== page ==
The rise of the liberal Latter-day Saints and the battle for the future
Washington, D.C. — In August, the Church of Jesus Christ of Latter-day Saints issued a statement to its 19 million adherents around the globe: “We want to do all we can to limit the spread of these viruses,” wrote Russell M. Nelson, the church’s president, along with the two most senior apostles. “[W]e urge the use of face masks in public meetings whenever social distancing is not possible. To provide personal protection from such severe infections, we urge individuals to be vaccinated.”
To Lisa Mosman, a 59-year-old Latter-day Saint who drives a Subaru covered in anti-Trump bumper stickers around her neighborhood in Orem, Utah, the statement was a welcome surprise. “It’s actually kind of brave, because it’s going to p--- off a bunch of people that they normally don’t p--- off,” she told me.
In the weeks since, the statement has caused Latter-day Saints on the far right, long accustomed to having their beliefs reflected by church leaders, to face the kind of cognitive dissonance that liberal members have had to contend with for decades. “They’re having to ask themselves who they trust more — the prophet or Tucker Carlson,” Mosman told me, then sighed. “This is new territory for them.”
Her brother Matt Marostica, a Latter-day Saint high priest living in Berkeley, Calif., also welcomed the statement. Throughout his decades as a religious leader, his congregation has served as a home for people who don’t always feel welcome in most Latter-day institutions. (The church requested in 2018 that the terms “Mormon” and “Mormonism” no longer be used to refer to the church or its members, though many adherents continue to do so.)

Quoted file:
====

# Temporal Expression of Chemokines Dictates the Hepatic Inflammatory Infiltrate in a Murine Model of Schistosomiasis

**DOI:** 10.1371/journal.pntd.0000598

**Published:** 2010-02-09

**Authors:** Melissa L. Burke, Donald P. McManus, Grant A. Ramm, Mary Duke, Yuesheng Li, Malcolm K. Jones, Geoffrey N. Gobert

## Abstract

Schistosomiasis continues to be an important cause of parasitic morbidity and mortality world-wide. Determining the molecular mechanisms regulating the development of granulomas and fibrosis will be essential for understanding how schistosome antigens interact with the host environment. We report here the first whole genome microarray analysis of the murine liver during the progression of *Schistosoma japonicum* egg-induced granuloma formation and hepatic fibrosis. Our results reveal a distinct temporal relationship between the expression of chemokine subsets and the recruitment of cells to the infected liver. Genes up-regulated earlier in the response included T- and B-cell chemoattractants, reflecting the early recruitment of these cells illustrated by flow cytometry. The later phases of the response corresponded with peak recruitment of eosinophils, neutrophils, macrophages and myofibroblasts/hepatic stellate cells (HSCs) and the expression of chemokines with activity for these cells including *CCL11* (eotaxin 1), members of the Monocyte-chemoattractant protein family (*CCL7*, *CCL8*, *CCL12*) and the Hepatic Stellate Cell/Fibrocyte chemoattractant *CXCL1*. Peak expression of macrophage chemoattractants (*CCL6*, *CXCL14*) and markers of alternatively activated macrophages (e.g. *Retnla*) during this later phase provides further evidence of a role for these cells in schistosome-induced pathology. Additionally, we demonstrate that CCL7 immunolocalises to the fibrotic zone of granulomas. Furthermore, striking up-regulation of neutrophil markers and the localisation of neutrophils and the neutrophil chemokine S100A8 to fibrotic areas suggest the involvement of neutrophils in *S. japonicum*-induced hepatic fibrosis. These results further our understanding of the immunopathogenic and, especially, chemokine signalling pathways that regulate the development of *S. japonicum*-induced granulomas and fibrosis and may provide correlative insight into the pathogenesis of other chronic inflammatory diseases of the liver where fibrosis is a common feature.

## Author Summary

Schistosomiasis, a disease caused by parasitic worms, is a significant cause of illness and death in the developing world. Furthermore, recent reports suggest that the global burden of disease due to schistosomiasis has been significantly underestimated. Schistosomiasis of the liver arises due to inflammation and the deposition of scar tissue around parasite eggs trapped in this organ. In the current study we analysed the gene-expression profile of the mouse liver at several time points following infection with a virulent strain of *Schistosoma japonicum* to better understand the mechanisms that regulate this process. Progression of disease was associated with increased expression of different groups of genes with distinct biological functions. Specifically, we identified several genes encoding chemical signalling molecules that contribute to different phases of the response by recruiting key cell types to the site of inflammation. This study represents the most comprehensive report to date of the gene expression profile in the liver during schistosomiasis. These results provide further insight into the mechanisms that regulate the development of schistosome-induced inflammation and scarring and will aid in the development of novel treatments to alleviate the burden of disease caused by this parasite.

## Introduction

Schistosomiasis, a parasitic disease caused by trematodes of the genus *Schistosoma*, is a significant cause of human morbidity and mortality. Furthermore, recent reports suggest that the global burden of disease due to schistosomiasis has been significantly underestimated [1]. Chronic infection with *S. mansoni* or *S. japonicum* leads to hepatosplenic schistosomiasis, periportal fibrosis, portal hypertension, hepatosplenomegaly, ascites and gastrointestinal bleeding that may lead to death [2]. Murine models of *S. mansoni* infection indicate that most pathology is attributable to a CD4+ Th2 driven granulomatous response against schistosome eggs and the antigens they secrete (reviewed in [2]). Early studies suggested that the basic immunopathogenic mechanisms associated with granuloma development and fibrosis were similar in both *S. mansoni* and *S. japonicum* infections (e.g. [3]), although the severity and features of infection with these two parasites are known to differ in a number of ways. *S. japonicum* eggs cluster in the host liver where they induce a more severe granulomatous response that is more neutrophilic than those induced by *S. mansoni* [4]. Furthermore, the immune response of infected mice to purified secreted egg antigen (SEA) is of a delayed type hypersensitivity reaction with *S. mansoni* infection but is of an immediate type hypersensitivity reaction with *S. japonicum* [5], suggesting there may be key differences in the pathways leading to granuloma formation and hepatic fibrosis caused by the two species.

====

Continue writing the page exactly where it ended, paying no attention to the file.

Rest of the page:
Marostica, a soft-spoken political scientist who works as an associate university librarian at Stanford University, honed his liberal worldview as a church missionary in Argentina during that country’s “dirty war.” He told me that the Berkeley Latter-day Saint ward, welcomes everyone — openly gay members, atheists, followers of other faiths, undocumented immigrants and even people with very conservative politics — with acceptance and love. “In Berkeley, the lunatics are running the asylum,” he told me, smiling broadly. “That’s a perfect way to describe our congregation.”
Liberal Latter-day Saints are accustomed to finding themselves outmatched in the church as a whole. Yet Marostica holds out hope that his community’s open-tent interpretation of what it means to be a Latter-day Saint might become more common — a trend that could force the institution, thinking of its future, to play catch-up with its own members.
According to Jana Riess, author of the 2019 book “The Next Mormons: How Millennials Are Changing the LDS Church,” fewer Latter-day Saints are following behavioral mandates like the prohibition against alcohol and coffee. Polling conducted by Riess and others has shown that the percentage of Latter-day Saints born after 1997 who do not identify as heterosexual may be 20 percent or higher. In perhaps the most dramatic break with the past, the partisan identification gap among millennial church members is narrow — 41 percent Democratic, 46 percent Republican — and a plurality of members under 40 voted for Biden.
The church as an institution is by no means on the brink of reinventing itself as a progressive force. But it is struggling with how much and whether to accommodate liberals, and the result has been substantial internal division. “I can see multiple futures for Mormonism,” says Patrick Q. Mason, chair of Mormon history and culture at Utah State University and the author of the 2016 book “Out of Obscurity: Mormonism Since 1945.” “I honestly don’t know which way it’s going to go. The one thing I know is that I think the church leadership is going to try and hold the whole thing together — that’s always been the impulse, to prevent schism. That is going to be increasingly difficult, but they’re going to try.”